A plea for a change of heads

Posted By TEU on Aug 31, 2018 | 2 comments


A plea for a change of heads

 

Sandra Grey, TEU National President

As a union activist I understand that management of tertiary education
institutions is necessary, but I want to be clear ‘managerialism’ is not.

This week

Stuart McCutcheon, the vice chancellor of the University of Auckland,
used a Universities NZ column to assert that managerial control of
tertiary institutions was necessary for them to remain viable.

He sang the praises of managerialism without defining it and concluded by
saying “… how would these institutions fare if they were not managed
carefully, in a situation of volatile student numbers and some of the
lowest levels of income per student in the developed world? …Unfortunately,
we only have to look at some of the other parts of the tertiary sector to
see the answer to that question.”

The institutions McCutcheon is pointing the finger at are the ITPs
currently struggling financially. What he fails to tell the readers is that
ITPs are being run using the managerial techniques dominant at his
institution.

All of our tertiary education institutions over the last three decades have
been increasingly managed in a ‘competitive and business-like fashion’ with
‘expert managers’ seeking to ‘efficiently use resources’ (particularly
staff). The result has been a rise in the numbers of senior managers, an
increase in the decisions they make, and a decrease in staff collegiality.

The managerialism that has been foisted upon staff by senior leaders isn’t
saving universities. The reason universities are doing okay in the current
environment is that they are larger institutions and have bigger asset
bases than ITPs. This means universities can smooth out the rise and fall
of students more easily, particularly with constant rounds of staff
restructuring.

So what is managerialism. Simply put it is a system where management
knowledge and power is held in ‘experts’, depriving all other owners of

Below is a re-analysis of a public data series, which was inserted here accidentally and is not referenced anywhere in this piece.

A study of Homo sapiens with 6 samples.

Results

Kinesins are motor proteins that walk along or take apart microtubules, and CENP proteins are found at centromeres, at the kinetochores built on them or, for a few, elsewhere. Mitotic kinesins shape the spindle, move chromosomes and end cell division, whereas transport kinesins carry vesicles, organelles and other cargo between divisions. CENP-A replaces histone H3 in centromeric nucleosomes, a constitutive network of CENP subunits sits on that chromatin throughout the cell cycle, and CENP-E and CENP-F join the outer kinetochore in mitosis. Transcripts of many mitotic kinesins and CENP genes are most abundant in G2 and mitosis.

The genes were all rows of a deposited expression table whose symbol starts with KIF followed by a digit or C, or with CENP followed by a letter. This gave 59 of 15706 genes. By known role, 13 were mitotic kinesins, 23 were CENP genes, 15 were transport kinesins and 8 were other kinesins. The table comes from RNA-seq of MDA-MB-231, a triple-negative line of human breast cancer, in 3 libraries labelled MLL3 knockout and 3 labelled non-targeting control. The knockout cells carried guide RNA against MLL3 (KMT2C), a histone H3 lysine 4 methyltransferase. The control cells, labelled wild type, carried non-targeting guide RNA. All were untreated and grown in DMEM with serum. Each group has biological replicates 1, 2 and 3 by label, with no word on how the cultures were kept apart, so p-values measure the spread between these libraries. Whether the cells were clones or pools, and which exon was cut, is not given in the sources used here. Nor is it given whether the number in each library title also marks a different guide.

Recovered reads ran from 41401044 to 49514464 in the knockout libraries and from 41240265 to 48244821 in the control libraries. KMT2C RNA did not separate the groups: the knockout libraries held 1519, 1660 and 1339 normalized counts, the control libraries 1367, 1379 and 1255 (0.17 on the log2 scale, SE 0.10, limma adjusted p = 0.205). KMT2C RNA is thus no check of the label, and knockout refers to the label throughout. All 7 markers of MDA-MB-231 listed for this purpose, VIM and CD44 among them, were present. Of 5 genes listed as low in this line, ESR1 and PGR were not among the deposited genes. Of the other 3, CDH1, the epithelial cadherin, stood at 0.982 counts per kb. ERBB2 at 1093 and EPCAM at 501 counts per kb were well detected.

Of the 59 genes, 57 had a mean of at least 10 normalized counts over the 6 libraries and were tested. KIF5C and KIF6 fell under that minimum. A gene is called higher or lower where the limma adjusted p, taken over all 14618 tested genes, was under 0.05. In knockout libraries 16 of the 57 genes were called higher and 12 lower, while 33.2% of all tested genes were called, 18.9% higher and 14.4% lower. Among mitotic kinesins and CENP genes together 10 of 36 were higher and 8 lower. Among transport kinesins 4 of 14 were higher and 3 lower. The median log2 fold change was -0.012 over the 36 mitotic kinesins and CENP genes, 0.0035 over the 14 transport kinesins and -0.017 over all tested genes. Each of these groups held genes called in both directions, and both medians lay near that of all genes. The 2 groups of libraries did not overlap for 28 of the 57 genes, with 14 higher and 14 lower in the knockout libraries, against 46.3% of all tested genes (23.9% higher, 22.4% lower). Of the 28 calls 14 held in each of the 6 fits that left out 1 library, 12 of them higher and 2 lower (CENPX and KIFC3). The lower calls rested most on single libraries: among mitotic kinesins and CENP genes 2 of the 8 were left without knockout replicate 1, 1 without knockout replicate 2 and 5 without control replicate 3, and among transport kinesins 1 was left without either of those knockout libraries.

decision-making power.

This trend has been seen around the world John Smyth, author of “The Toxic University: Zombie Leadership, Academic Rock Stars and
Neoliberal Ideology” notes: “sadly the forces of neoliberalism that would have us believe that
universities ought to operate like profit-making businesses – engaged in
cutthroat competition, run as ruthless corporations, where the market is
the arbiter and regulator of all things – has become the prevailing norm in
Western countries”.

McCutcheon says there are safe guards to ensure managerial power doesn’t go
unchecked. University councils have staff, students, alumni, Māori and
ministerial representatives, “but only one ‘manager’—the Vice-Chancellor.”
And councils must seek the views of the Academic Board—a large group of
staff and students—before making a decision on any academic matter; and a
very high degree of consultation.

But these safeguards to managerial excess are not working.

We know because New Zealand’s tertiary education institutions do more
poorly than many other work places when it comes to job satisfaction, one
of the markers of good management.

Statistics New Zealand’s Survey of Working Life found that 85 percent of all employed people were “satisfied” or “very
satisfied” with their main jobs. In contrast tertiary education staff are
less satisfied than most New Zealanders with their job.  An AUT study of the sector in 2013 showed only 55 percent of the over 2700 respondents were satisfied
to some degree with their job as a whole.

The staff satisfaction surveys run by the employers in the tertiary
education sector regularly show the same dissatisfaction and concerns about
the lack of staff voice in decision-making.

Managerialism has led to a growing gulf between academics and academic managers. TEU commissioned research also highlights concerns about managerialism in
tertiary education. As one survey respondent noted: “There is an
impermeable layer of management which has developed in the last decade
which is generally focused on meeting governmental (e.g. TEC) requirements
at the expense of quality teaching and research.”

Added to staff dissatisfaction, managerialism leads to a range of perverse
outcomes.

 

Greg Dawes a professor of philosophy points out that the ‘managerial’ model has led to corruption in our institutions. One example from Dawes: “Given the prevailing managerial culture, staff
know their jobs are on the line if their departments or programmes fail to
attract enough students. So when they are advising students, they have a
clear conflict of interests.

I would argue the reason is that managerialism is not the right approach to
running a university or a business.

Is there a better way?

Distributed power and high engagement models are much more effective ways
of getting the best out of staff. So it’s time our managers recognised that
there are many ways to run tertiary education, but that the experiment of
managerialism which centres power in a few ‘experts’ is not one of them.